List of 3d printing technologies
Material Extrusion / FDM (Fused Deposition Modeling) / FFF (Fused Filament Fabrication)
Material extrusion devices are the most commonly available — and the cheapest — types of 3D printing technology in the world.
The way it works is that a material (usually plastic filament) is loaded into the 3D printer and pushed through a heated printer nozzle. The melted liquid material is thus deposited onto the build platform, where it solidifies by cooling. The print head continues like this tracing out the pattern of the first layer onto the build plate. After the first layer is complete, the print head moves up one layer height, and starts building the next layer on top of the first one. This continues until the whole object is constructed.
There is a large variety of materials available for FDM type machines, and a large variety in the printers themselves, using the technique described above, or slight variations thereof. (For more information see Material extrusion technologies.)
The wide availability of low-cost FDM printers and the accompanying materials makes the technology a great point of entry to 3D printing, but the quality of the parts is generally less desirable than that of other processes, and low-cost machines might also mean more problems that can arise with the prints.
Vat Polymerization / SLA (Stereolithography) / DLP (Digital Light Processing)
Vat Polymerization is the oldest type of 3D printing. It uses a UV light to solidify (cure) liquid photopolymer resin in a vat in a specific pattern one layer at a time. After every layer the build platform raises by one layer height, and curing the next layer begins, adhering to the bottom of the previous one.
Vat polymerization results in a good surface finish, but it requires [Vat polymerization post-processing|post-processing] and the handling of irritant chemicals.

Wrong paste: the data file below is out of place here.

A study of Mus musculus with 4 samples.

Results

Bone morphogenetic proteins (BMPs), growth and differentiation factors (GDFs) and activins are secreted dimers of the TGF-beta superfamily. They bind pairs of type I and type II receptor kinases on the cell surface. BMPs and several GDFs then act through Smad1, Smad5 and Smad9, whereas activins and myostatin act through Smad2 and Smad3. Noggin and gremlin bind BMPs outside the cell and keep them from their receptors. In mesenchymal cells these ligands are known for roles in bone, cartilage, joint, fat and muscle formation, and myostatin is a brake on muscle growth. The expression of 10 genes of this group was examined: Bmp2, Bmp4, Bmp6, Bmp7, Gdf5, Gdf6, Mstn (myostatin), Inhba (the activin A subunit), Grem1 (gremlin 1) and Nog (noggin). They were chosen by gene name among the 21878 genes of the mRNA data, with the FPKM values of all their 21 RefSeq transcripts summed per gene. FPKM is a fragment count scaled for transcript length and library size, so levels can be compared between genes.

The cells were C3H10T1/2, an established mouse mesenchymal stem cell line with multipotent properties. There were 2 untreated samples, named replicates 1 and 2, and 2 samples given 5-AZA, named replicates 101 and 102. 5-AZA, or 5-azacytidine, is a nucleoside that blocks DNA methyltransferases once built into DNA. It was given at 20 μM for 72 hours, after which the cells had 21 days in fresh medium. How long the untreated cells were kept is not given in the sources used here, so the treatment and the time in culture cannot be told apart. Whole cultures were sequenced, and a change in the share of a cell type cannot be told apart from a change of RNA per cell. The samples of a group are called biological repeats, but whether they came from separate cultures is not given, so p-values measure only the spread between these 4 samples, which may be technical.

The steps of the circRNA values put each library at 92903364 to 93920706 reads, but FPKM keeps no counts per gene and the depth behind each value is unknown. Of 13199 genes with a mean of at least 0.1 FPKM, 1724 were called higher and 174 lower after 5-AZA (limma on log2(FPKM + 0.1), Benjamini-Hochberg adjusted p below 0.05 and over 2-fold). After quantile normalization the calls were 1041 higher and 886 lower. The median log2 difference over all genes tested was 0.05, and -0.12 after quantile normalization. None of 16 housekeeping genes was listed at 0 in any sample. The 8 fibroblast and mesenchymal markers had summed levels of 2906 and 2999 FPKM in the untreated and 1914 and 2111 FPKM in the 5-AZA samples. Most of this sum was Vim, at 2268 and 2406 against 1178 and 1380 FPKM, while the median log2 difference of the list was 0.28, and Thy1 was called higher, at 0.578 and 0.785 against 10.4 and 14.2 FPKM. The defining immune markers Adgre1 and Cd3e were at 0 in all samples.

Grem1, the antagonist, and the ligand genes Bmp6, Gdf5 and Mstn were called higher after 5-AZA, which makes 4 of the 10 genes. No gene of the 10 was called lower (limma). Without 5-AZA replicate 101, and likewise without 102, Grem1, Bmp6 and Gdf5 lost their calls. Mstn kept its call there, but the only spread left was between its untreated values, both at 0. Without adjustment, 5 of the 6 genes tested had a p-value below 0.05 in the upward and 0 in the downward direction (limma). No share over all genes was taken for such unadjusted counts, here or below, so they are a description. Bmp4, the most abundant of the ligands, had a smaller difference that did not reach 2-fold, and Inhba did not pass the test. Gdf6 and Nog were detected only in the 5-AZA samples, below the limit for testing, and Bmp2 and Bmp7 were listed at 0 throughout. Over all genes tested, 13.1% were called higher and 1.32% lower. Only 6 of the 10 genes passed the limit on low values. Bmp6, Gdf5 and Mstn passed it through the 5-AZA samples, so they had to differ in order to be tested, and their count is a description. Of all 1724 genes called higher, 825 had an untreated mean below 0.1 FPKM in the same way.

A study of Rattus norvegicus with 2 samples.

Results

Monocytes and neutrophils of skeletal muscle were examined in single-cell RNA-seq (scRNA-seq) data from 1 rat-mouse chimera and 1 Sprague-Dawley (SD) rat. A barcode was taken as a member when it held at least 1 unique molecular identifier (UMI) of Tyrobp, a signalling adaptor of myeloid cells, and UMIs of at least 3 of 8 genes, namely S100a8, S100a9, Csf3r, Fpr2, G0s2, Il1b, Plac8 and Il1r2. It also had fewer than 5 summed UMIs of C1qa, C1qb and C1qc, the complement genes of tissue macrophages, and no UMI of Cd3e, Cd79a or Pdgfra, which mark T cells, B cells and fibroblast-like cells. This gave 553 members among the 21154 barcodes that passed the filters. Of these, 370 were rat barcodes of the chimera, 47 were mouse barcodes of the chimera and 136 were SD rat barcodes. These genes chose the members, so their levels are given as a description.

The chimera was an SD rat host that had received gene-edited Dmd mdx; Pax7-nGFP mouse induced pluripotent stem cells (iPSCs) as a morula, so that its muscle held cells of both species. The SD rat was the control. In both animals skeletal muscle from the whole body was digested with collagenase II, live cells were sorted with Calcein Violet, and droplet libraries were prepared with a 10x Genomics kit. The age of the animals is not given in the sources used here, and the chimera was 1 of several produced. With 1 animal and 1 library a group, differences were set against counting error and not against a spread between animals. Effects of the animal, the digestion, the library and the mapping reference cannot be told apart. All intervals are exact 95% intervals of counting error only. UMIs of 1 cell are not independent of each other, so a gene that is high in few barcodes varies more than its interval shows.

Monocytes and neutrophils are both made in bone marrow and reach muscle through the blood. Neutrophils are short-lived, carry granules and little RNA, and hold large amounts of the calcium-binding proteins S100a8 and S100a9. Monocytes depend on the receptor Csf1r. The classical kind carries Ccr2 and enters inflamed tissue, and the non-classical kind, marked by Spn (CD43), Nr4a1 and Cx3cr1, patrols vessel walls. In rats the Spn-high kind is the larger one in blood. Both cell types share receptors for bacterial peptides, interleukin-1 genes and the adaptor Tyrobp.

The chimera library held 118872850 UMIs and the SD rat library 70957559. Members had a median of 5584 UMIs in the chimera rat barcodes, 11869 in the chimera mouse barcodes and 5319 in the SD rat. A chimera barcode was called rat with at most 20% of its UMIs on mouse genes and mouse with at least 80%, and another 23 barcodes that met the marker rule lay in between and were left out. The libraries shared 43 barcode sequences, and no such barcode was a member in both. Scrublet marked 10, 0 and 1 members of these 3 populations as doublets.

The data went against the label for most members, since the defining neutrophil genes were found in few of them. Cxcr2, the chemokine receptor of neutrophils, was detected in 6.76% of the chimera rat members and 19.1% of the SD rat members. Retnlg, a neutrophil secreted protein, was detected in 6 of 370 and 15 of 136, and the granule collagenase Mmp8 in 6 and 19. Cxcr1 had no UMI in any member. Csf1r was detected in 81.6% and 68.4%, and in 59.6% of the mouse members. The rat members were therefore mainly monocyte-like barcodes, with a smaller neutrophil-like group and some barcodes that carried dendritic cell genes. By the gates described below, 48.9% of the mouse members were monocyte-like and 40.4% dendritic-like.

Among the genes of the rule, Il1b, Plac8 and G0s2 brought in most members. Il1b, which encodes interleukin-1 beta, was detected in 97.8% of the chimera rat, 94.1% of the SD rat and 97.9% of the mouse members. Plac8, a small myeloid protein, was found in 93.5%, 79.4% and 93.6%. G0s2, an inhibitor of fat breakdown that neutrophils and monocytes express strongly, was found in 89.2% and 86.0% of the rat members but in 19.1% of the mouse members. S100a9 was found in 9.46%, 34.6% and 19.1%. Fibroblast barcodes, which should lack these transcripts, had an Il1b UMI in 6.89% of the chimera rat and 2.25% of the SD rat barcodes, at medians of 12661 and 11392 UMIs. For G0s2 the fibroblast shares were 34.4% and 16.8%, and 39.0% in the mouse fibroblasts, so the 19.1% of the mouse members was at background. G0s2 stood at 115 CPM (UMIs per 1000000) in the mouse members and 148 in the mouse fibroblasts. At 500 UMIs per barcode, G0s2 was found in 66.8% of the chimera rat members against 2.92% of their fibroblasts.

Material jetting creates objects in a similar method to a two dimensional ink jet printer. Material is jetted onto a build platform where it solidifies and the model is built layer by layer. Material is deposited from a nozzle which moves horizontally across the build platform. Machines vary in complexity and in their methods of controlling the deposition of material. The material layers are then cured or hardened using ultraviolet (UV) light.
The binder jetting process uses two materials; a powder material and a liquid binder. The binder acts as an adhesive between powder layers. A print head moves horizontally along the x and y axes of the machine and deposits alternating layers of the build material and the binding material. After each layer, the object being printed is lowered on its build platform.
Due to the method of binding, the material characteristics are not always suitable for structural parts and despite the relative speed of printing, additional post processing (see below) can add significant time to the overall process.
As with other powder based manufacturing methods, the object being printed is self-supported within the powder bed and is removed from the unbound powder once completed. The technology is often referred to as 3DP technology and is copyrighted under this name.